A new book called ‘Ring of Fire: Liverpool FC into the 21st century’ is a must-read for any fan of the Anfield club.
It was written by Simon Hughes and features various stories from players themselves.
You’ve probably read the extracts about how desperate Michael Owen was to return to Liverpool, or Xabi Alonso’s anguish at not winning the Premier League title in 2009.
Carragher features heavily in the book, explaining why the “guilt” he felt after losing is part of the reason why he’s fearful of dipping his toes into management.
But the Sky Sports pundit needn’t worry about losing if his motivational skills are anything to go by.
Carragher explains in the book how he comforted Fernando Torres when the striker joined Liverpool in 2007. Torres struggled during his first week, according to the ex-defender, and so Carragher wanted to give him a boost.
"I tried to help people, especially early on when they'd just signed," Carragher says.
"The example is [Fernando] Torres. At first I thought, 'God, I'm not getting much out this one'. He didn't say a word to anyone and was struggling in training for the first week.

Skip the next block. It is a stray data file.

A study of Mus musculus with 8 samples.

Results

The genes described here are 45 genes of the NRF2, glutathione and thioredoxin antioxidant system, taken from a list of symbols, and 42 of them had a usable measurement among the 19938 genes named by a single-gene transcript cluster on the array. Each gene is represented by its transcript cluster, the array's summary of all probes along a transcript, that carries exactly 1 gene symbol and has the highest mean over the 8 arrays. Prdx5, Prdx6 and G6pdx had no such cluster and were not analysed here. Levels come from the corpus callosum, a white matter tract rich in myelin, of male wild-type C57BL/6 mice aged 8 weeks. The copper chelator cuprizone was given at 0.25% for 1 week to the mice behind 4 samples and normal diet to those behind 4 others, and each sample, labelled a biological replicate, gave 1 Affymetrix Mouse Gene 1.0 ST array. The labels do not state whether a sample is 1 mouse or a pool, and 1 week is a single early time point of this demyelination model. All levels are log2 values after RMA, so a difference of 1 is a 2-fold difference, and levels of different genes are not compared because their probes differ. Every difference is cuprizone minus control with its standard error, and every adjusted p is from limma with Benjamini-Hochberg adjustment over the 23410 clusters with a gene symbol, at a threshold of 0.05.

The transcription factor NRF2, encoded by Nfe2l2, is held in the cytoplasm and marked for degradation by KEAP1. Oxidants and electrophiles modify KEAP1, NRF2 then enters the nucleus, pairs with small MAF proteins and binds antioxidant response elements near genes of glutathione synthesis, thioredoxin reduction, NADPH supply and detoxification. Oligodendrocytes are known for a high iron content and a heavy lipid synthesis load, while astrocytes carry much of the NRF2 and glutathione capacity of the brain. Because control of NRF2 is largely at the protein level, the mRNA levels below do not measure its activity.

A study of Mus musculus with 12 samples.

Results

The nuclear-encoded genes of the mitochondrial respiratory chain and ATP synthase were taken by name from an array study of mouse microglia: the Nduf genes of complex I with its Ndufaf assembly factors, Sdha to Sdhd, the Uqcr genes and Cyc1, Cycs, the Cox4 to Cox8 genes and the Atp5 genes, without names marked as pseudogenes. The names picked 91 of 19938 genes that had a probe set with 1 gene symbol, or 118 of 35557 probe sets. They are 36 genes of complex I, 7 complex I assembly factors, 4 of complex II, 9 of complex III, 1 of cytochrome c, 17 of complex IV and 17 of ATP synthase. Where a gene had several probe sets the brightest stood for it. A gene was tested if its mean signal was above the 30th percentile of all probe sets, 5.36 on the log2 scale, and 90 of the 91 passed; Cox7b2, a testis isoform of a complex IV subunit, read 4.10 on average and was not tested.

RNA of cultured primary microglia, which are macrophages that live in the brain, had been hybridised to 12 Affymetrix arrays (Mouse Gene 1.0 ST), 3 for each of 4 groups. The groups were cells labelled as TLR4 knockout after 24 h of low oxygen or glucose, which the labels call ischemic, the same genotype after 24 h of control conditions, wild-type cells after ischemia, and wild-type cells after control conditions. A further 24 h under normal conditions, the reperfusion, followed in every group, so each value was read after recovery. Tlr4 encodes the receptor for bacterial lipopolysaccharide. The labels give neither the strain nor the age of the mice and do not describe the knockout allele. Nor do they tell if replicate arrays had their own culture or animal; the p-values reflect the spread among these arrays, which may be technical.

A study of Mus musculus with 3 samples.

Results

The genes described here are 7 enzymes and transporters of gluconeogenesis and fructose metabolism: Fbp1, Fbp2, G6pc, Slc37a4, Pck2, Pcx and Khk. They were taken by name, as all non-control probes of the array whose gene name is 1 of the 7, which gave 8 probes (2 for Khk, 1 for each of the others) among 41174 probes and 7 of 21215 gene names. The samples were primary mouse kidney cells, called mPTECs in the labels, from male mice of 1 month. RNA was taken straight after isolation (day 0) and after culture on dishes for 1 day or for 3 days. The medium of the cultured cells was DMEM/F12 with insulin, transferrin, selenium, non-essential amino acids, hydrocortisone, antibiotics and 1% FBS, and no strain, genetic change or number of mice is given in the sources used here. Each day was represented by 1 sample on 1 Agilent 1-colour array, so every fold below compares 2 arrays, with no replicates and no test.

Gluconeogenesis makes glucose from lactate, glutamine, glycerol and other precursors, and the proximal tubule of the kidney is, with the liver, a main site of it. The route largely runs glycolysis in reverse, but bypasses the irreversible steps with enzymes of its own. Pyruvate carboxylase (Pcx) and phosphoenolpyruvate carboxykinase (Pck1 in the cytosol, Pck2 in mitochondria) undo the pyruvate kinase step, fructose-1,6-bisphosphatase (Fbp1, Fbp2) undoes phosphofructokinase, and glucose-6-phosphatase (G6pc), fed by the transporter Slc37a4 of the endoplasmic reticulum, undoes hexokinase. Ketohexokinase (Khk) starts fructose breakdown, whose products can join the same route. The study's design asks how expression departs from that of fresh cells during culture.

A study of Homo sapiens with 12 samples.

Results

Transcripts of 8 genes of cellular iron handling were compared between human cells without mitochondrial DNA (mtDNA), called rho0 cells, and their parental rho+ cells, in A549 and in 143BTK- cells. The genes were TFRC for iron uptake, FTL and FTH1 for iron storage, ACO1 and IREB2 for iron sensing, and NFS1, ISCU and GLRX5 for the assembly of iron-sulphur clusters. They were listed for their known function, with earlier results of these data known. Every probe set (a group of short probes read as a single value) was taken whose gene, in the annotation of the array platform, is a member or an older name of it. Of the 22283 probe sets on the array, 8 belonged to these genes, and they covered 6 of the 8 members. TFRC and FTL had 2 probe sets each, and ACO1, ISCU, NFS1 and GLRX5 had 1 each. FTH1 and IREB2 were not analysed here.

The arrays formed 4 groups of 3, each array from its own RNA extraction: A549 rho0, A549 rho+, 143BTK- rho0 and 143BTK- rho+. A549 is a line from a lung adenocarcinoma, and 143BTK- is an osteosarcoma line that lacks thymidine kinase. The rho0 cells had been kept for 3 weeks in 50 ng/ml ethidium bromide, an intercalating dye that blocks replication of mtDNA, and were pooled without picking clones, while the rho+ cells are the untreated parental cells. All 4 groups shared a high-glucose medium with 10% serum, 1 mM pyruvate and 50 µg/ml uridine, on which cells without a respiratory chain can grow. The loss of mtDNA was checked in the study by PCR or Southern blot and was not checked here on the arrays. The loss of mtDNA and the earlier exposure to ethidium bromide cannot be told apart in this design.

"So I bought my son a kit with Torres's name on the back. I brought James into Melwood to try make Torres feel a bit better. James was only four years old and didn't have a clue.
"Torres obviously proved himself as a very good player but I thought he needed a lift, so I did what I could. The club made a huge investment in him. I cared about the club but most of all I wanted Torres to score the goals that would win us games."
It worked. The Spaniard, now plying his trade with Atletico Madrid, scored 33 goals in his debut season as the Reds reached the Champions League semi-finals.
Torres always had the talent to thrive at Liverpool but it just needed some encouragement from Carragher to unlock it.
It’s certainly a tale the 38-year-old can tell owners if he ever does decide to pursue a career in management.
Would Jamie Carragher make a good manager? Give us your thoughts in the comments section below!